Bruce Shelley talks about the evolution of social gaming. Plus more AOE-O animations and Robot swag!
Recently the legendary Bruce Shelley has been in talks with Gamasutra along with Brian Reynolds another industry veteran about their roles at Zynga in the social gaming space. Brian Reynolds before joining Zynga worked at Big Huge Games which collaborated with Ensemble Studios on the Age of Empires 3 Asian Dynasties expansion. Bruce and Brian had also worked closely with each other in the past on Sid Meier’s civilisation games. Now they are both re-united again at Zynga where is has become clear that the company is hiring industry veterans to push their gaming business forward.
When talking to Gamasutra Bruce detailed how he was recommended to join after the company was looking for designers from the “Sid Meier School of Design” era.
Can you explain how you interact with Zynga and how you ended up with the consultancy gig?
Bruce Shelley: Well, Brian talked to me about how [Zynga] would like to have more people from the “Sid Meier School of Design” to help with the gameplay of the games, and not worry about any aspect except how the games play. So I’ve been working with a couple of Zynga’s external studios.
Basically I’m assigned to work with the external studios, the ones that are not in San Francisco; they have something like five or six studios around the country, and I work with a couple of those. I’m probably going to be plugging into one of those for most of my work for maybe the next year — I’m not sure — and try to make one really good game, to make something really good.
So I’m another design voice. In this case, the studio there, they see me as a person with experience, who can help with young designers. Also they want to assign parts of the game to me to be in charge of, at least for awhile. Most studios have a creative director and a lead designer, and maybe a product manager, and sometimes they all have different ideas about something. So in this case, they see me as another voice, and a voice of experience, that can help them arbitrate their decision making.
No doubt Zynga recognised the talent of designers like Bruce and Brian after they have both helped formed highly respected game studios in the past. However moving from traditional types of games into the social arena brings about a whole bunch of change in dynamics:
And Bruce, how has it been? You’re aiding them and they’re learning from you. What are you learning from them, as someone that’s a long time veteran of the industry?
BS: I’m learning about the social networking space, the way the “social” works. I mean, we never concern ourselves much with social interaction other than multiplayer, you know? Like how do you matchmake, can you get into a game, can you chat? And that was the extent of it. But the idea of connecting, and helping each other out in the play of the game, and also reaching an audience we never got to before, I think, [is what I'm learning].
This is a big space of people who are playing games and not paying. … The idea of giving them really interesting games — to the point that they’re actually willing to pay something — that’s kind of interesting to me.
I think I’m learning about this whole new area of gaming. This rapid iteration is pretty amazing, and to have the data come back — we never had that… You had to finish your project and work on it for years before you started getting some meaningful data.
One of the big challenges for social games on platforms like Facebook and mobile games is getting people hooked and willing to keep playing after their first impressions with the game. In the past at Ensemble one of the most important aspects of good game design talked about by Bruce was making the first 15 minutes as fun an possible. This 15 minute window is probably still true today for traditional PC and Console games, but much less so about social games. The first impression window for a social game in Facebook might be as small as just a few minutes, mostly because it is so easily to back out of a game if the first impression doesnt draw a user in.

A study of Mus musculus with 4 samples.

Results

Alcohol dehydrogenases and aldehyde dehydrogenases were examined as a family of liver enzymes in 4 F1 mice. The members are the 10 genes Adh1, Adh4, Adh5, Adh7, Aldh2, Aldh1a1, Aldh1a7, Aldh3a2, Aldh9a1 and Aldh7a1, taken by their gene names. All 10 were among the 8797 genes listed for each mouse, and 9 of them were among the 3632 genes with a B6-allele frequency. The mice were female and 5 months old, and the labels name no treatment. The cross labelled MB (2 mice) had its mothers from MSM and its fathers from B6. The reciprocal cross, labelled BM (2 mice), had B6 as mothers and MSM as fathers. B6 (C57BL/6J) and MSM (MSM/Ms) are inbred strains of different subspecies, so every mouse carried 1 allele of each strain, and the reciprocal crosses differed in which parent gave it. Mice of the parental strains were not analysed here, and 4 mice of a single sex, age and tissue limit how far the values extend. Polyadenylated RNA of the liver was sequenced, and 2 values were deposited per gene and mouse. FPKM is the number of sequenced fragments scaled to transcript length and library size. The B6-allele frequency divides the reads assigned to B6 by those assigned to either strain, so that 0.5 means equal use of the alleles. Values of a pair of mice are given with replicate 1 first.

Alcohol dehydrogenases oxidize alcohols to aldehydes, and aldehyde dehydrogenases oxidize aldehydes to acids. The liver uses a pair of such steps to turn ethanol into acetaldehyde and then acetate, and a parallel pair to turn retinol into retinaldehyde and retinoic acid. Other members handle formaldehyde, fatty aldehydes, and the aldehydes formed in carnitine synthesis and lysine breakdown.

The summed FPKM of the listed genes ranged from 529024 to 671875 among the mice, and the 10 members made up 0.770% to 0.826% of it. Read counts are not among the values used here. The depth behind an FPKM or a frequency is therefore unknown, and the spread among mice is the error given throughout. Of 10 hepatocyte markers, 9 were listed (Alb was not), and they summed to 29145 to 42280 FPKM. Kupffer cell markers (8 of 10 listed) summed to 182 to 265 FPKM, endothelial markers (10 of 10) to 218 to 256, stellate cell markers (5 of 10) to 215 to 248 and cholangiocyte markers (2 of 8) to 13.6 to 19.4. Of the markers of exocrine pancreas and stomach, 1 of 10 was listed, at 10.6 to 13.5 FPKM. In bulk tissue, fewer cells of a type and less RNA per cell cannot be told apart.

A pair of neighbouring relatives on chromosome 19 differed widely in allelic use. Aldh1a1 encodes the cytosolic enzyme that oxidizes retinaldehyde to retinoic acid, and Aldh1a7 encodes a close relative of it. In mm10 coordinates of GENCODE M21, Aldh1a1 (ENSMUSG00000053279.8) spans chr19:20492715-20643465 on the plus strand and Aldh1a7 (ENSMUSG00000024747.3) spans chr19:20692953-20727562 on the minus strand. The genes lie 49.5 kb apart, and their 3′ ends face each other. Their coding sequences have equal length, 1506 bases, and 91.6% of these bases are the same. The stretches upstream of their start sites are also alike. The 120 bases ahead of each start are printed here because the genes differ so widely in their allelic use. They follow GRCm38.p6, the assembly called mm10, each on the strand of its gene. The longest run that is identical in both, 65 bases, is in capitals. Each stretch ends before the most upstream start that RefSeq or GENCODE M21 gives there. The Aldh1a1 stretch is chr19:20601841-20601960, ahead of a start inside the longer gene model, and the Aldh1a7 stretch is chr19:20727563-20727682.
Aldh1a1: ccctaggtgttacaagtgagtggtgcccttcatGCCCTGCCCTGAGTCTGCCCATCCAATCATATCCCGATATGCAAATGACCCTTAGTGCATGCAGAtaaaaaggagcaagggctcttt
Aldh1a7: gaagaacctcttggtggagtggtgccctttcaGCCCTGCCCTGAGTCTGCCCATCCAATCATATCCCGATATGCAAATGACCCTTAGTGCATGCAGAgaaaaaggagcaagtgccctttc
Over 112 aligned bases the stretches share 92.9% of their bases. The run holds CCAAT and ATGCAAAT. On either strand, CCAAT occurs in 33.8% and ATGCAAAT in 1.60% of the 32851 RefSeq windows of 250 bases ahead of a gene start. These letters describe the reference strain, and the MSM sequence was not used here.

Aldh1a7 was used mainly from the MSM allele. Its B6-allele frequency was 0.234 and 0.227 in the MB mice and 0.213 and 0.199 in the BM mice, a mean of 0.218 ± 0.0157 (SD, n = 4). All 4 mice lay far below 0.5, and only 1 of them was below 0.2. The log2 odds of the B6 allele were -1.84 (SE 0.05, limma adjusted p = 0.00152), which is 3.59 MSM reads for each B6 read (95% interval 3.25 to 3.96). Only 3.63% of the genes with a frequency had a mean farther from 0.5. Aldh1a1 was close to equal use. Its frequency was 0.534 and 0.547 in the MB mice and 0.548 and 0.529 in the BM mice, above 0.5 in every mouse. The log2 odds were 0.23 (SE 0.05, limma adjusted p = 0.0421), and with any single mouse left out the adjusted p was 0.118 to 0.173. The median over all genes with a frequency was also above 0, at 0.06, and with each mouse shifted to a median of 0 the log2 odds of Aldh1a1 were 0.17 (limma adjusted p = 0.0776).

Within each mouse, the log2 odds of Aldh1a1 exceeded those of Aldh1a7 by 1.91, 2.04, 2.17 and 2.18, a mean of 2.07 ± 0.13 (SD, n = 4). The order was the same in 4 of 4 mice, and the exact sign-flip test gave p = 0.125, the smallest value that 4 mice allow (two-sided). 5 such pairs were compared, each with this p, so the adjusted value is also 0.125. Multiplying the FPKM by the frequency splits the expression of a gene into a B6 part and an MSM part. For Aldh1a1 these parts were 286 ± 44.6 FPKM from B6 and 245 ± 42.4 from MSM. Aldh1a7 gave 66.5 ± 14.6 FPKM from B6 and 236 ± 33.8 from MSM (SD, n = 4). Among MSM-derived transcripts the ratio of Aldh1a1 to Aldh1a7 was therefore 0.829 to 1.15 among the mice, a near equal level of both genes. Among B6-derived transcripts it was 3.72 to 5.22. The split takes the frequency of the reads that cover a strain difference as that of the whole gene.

BS: With Age, we thought that the game had to have a great first 15 minutes to get the people engaged and hold ‘em. And in social network it’s called the “first time user experience.” And it’s critical.
BR: And now it’s like the first 15 seconds and the first minute — it’s the golden minute. You don’t have 15 minutes! [laughs]
Its going to be interesting to see what these industry luminaries can achieve with social gaming at Zynga. Can Sid Mierers iterative design approach be applied in the same way to create engaging user experiences? Only time will tell and I look forward to seeing some of the games that Bruce and Brian work on at Zynga in the future.
For the full article check out this link at Gamasutra: http://www.gamasutra.com/view/feature/6349/the_strategic_evolution_of_social_.php
More Age of Empires Online animations with Chazbot
Over at Chazamation the third blog in the AOE-O animation series by Charles Tinney is now online. This time looking at Hopolites and Axemen – two units from each of the current civilisations the Greeks and the Egyptians. The blog takes us through all animations from idle to death! Check that out here: http://chazamation.com/blog/2011/04/22/age-of-empires-online-animations-part-3-mr-hoppy-and-the-axeman/
Robot Entertainment-ware for your wardrobe!
Robot Entertainment have launched an online merchandise and T-shirt store for all things Robot over at Store Envy. Now you can kit yourself out with all the latest Robot Entertainment inspired wares such as T-Shirts, buttons and cup holders. Show your support for Robot and the need for the death of all Orcs by wearing this T-shirt available for just $17 excluding shipping on the store:
Robot merch can be shipped pretty much anywhere in the world so head over to http://robotentertainment.storenvy.com/ and pick up some swag!